Finding Our Life
Wednesday, May 1, 2019
Anyone who wants to save his life must lose it. Anyone who loses her life will find it. —Matthew 16:25
This passage from Matthew is a very strong, almost brutal statement from Jesus. It has perhaps been discussed, dismissed, misunderstood, and conveniently forgotten more than almost anything he said. It is just too counter-intuitive.
I believe Jesus says this in such a strong and absolute way because he knows that the human ego fixes upon roles, titles, status symbols, and concocted self-images; and he wants us to know that these are passing creations of our own minds and culture. They are not, in that sense, objectively “real.” Nor are they our true and deepest self. All of these images must die if we want the Real, but they do not die easily because we have mistaken them for elements of our real self for most of our life. We all suffer from a tragic case of mistaken identity.
The Real is that to which all the world religions point when they speak of heaven, nirvana, bliss, eternity, or enlightenment. Our mistake was that most Christians delayed this inner state until after death. This distorted and misshaped the spiritual search, making it into a cheap reward and punishment system—for later. Honestly, it too often attracted fear-based or self-interested people, not really lovers.
The human ego wants two things: It wants to be separate and it wants to be superior! This is why Jesus says this self must “die” for something much better to be “found.” As long as the ego is in control, not much new will ever happen.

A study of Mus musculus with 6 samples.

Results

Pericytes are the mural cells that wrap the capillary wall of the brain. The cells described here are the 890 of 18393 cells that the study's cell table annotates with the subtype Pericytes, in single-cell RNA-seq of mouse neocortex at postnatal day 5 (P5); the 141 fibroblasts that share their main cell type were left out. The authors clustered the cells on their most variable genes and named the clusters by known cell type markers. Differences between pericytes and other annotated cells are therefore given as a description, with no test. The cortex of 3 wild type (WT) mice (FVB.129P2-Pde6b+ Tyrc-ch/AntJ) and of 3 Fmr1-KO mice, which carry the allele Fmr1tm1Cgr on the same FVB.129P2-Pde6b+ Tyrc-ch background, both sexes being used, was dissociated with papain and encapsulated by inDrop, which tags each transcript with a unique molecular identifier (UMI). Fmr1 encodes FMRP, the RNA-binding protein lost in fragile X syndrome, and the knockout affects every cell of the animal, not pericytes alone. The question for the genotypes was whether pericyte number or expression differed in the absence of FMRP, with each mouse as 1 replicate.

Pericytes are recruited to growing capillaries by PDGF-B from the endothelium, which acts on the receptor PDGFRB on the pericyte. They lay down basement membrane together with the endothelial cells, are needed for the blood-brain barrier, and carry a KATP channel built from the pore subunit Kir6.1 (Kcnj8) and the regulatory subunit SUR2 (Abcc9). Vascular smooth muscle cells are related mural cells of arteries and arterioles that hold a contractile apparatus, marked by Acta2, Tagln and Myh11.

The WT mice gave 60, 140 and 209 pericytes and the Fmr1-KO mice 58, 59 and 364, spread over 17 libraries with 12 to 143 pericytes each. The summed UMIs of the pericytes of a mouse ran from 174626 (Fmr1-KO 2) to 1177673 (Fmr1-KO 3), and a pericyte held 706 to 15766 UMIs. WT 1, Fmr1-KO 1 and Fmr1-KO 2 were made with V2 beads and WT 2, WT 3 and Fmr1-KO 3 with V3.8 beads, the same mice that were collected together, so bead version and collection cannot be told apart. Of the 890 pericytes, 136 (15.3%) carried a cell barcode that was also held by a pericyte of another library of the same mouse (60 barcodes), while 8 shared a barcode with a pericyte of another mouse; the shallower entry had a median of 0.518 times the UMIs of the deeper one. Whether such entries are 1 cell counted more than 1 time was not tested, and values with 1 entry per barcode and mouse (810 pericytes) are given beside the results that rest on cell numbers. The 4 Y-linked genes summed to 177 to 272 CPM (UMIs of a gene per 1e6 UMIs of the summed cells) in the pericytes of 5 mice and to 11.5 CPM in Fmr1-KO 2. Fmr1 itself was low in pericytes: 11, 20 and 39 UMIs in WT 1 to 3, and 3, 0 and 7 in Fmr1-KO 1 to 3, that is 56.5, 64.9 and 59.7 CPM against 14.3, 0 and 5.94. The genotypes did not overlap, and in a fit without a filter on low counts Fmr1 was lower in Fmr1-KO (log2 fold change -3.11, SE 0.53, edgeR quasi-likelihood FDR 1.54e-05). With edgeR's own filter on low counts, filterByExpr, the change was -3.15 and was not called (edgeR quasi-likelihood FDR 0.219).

Sit with this mystery as you read the following poem by David Whyte:
After the good earth
where the body knows itself to be real
and the mad flight
where it gives itself to the world,
we give ourselves to the rhythm of love
leaving the breath
to know its way home.
And after the first pure fall,
the last letting go, and the calm
breath where we go to rest,
we’ll return again to find it
and feel again the body welcomed,
the body held,
the strong arms of the world,
the water, the waking at dawn
and the thankful, almost forgotten,
curling to sleep with the dark.
The old wild place beyond all shame. 
If authentic God-experience first inspires you to overcome the primary split between yourself and the Divine, then it should also inspire you to overcome the split between yourself and the rest of creation. For many people, union with the Divine is experienced in nature, with animals, through a sense of awe, in moments of pure love, silence, inner or outer music, or some kind of Franciscan “Brother Sun and Sister Moon” experience.
Mystical experience connects us and just keeps connecting at ever-wider levels, breadths, and depths, “until God can be all in all” (1 Corinthians 15:28) or, as Paul also says, “The world, life and death, the present and the future are all your servants, for you belong to Christ and Christ belongs to God” (1 Corinthians 3:22-23). Full salvation is finally universal belonging and universal connecting. Our common word for that is some kind of “heaven.”
 David Whyte, “The Old Wild Place,” Fire in the Earth (Many Rivers Press: 2002), 55. Used with permission.
Adapted from Richard Rohr, Just This (CAC Publishing: 2017), 90-91; and
A Spring Within Us: A Book of Daily Meditations (CAC Publishing: 2016), 225-226.